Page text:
New Jersey-based ACS Execution Services, which provides execution services to broker-dealers, recently entered into a settlement with a US regulator over violations related to transaction reporting.
Settlement over violations
The company’s settlement occurred with the US Financial Industry Regulatory Authority (FINRA) over-reporting violations that occurred between March 9, 2016, and February 9, 2018. During this period, the firm sent 342.5 million order events to OATS, but a majority of them contained incomplete, inaccurate, or improperly formatted data.
The OATS (Order Audit Trail System) must accurately be expressed in hours, minutes, and seconds when execution service providers enter events. If the systems of the members count milliseconds, then they must express the time of an event in hours, minutes, seconds, and milliseconds as well. During the Review Period of ACS, their systems captured milliseconds data as well. In this period, the firm submitted New Order Reports (NWs) totaling 343,503,736. This is 37% of the total reporting obligation for the firm.
However, when reporting the data to the OATS system, it counted milliseconds as “000” in all NWs, instead of writing the actual milliseconds at which the order was generated. Consequently, all the reports filed between this period were considered inaccurate and a violation of FINRA Rules 7450(a) and 2010.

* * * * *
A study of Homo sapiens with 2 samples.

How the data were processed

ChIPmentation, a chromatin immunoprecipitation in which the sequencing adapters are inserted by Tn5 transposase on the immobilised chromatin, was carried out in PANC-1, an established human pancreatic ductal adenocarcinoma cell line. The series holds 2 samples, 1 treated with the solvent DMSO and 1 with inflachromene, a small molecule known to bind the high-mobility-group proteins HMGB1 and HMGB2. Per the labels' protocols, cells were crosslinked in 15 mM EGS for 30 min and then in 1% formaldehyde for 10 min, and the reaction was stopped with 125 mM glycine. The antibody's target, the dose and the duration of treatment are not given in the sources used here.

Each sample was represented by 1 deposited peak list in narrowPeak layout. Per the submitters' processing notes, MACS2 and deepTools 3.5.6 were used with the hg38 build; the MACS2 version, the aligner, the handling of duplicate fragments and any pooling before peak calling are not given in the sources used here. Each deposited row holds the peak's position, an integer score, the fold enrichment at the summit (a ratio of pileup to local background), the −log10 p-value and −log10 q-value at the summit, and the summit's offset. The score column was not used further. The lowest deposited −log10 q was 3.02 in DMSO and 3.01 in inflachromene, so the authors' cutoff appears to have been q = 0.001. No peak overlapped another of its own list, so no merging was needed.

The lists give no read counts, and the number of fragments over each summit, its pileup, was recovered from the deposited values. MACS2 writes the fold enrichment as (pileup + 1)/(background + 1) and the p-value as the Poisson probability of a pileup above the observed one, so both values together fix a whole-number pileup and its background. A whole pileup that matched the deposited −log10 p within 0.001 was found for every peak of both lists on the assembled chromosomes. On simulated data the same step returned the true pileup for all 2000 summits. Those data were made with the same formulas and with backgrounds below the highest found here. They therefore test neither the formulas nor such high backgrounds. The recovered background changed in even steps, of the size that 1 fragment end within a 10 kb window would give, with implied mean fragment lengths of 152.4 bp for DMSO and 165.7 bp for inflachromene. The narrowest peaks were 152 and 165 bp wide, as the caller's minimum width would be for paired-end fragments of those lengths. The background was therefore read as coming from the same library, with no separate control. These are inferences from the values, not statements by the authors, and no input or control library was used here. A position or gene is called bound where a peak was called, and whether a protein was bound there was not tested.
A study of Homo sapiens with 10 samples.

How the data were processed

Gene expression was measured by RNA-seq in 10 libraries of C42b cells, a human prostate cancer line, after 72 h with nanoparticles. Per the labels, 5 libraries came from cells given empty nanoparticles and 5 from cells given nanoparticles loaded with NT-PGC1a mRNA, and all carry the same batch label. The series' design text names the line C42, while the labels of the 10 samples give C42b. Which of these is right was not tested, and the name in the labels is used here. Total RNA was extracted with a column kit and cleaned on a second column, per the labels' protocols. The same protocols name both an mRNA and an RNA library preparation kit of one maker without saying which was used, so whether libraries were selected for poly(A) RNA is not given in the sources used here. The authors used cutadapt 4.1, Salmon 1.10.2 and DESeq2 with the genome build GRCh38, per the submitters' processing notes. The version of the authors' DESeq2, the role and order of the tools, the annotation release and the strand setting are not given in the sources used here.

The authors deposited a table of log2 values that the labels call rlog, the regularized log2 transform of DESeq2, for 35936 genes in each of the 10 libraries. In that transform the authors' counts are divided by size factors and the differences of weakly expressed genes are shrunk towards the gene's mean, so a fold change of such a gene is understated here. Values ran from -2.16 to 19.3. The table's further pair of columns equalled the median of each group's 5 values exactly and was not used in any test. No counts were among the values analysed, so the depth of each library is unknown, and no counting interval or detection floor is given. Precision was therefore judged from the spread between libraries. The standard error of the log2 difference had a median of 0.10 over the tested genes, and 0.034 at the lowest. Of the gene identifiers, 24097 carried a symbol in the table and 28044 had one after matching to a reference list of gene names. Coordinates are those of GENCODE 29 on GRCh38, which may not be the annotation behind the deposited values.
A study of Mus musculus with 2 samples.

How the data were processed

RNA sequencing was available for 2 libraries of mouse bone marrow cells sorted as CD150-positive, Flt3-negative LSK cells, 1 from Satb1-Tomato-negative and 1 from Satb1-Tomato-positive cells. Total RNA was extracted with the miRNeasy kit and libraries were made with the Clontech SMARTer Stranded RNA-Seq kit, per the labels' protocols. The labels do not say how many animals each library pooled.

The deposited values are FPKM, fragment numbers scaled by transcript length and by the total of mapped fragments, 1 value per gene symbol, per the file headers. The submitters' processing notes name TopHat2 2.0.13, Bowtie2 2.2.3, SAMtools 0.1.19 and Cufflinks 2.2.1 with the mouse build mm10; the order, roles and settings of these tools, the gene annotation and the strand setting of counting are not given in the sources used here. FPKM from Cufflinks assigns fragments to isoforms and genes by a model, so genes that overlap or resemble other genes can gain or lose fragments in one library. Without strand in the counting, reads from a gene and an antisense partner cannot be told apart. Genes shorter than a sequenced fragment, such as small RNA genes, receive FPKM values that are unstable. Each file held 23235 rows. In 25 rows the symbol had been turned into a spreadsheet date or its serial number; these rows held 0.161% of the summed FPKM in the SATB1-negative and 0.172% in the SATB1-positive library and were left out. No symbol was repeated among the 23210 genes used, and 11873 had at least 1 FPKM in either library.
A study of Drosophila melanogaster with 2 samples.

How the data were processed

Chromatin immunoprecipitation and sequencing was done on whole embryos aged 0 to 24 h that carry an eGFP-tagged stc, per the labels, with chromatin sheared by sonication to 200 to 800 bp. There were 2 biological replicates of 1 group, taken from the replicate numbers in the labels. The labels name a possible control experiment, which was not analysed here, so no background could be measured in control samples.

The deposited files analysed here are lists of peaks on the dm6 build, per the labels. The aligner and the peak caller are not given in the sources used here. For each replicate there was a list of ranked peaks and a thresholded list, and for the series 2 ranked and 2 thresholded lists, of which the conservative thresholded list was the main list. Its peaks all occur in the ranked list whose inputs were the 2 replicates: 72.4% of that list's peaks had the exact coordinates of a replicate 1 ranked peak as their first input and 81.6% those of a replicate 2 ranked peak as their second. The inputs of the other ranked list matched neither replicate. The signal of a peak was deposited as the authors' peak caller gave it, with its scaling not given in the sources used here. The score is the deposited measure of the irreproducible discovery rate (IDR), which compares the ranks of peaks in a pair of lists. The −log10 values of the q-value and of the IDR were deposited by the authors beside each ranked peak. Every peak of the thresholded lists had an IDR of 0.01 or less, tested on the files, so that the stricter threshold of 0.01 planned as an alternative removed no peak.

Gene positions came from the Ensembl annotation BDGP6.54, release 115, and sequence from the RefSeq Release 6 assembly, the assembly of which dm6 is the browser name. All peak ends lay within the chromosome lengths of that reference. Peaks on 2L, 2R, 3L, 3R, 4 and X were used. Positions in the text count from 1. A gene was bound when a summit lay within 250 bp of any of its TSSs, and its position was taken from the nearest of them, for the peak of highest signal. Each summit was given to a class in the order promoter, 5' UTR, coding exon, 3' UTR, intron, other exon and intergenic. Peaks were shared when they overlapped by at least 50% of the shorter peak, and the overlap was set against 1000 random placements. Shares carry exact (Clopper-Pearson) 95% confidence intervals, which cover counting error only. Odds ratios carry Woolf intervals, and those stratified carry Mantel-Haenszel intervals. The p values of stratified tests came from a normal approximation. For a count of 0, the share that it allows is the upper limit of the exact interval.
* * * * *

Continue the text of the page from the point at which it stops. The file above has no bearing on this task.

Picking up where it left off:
What else did FINRA allege?
FINRA suggests that the firm not just violated its rules during the Review Period but also failed to create and maintain a system that could supervise the activities of every associated person. It also failed to maintain WSPs (Written Supervisory Procedures) that have been designed reasonably to ensure compliance with all applicable FINRA rules related to the accuracy of timestamps of orders fed unto the OATS.
ACS’ WSPs sent for reviews based on some automated daily feedback on the OATS website included Unmatched Inter-Firm Route Reports and Unmatched Exchange Route Reports. The supervision of the OATS reporting at the firm also included monthly OATS Report Cards. However, this automated daily and monthly Report Cards do not contain data on milliseconds reporting, alongside some other fields. As a result, the firm was violating FINRA Rules 3110(a), 3110(b), and 2010.
The firm has agreed to pay FINRA a fine of $75,000. This includes a $20,000 fine for supervision violations and a $55,000 fine for other violations.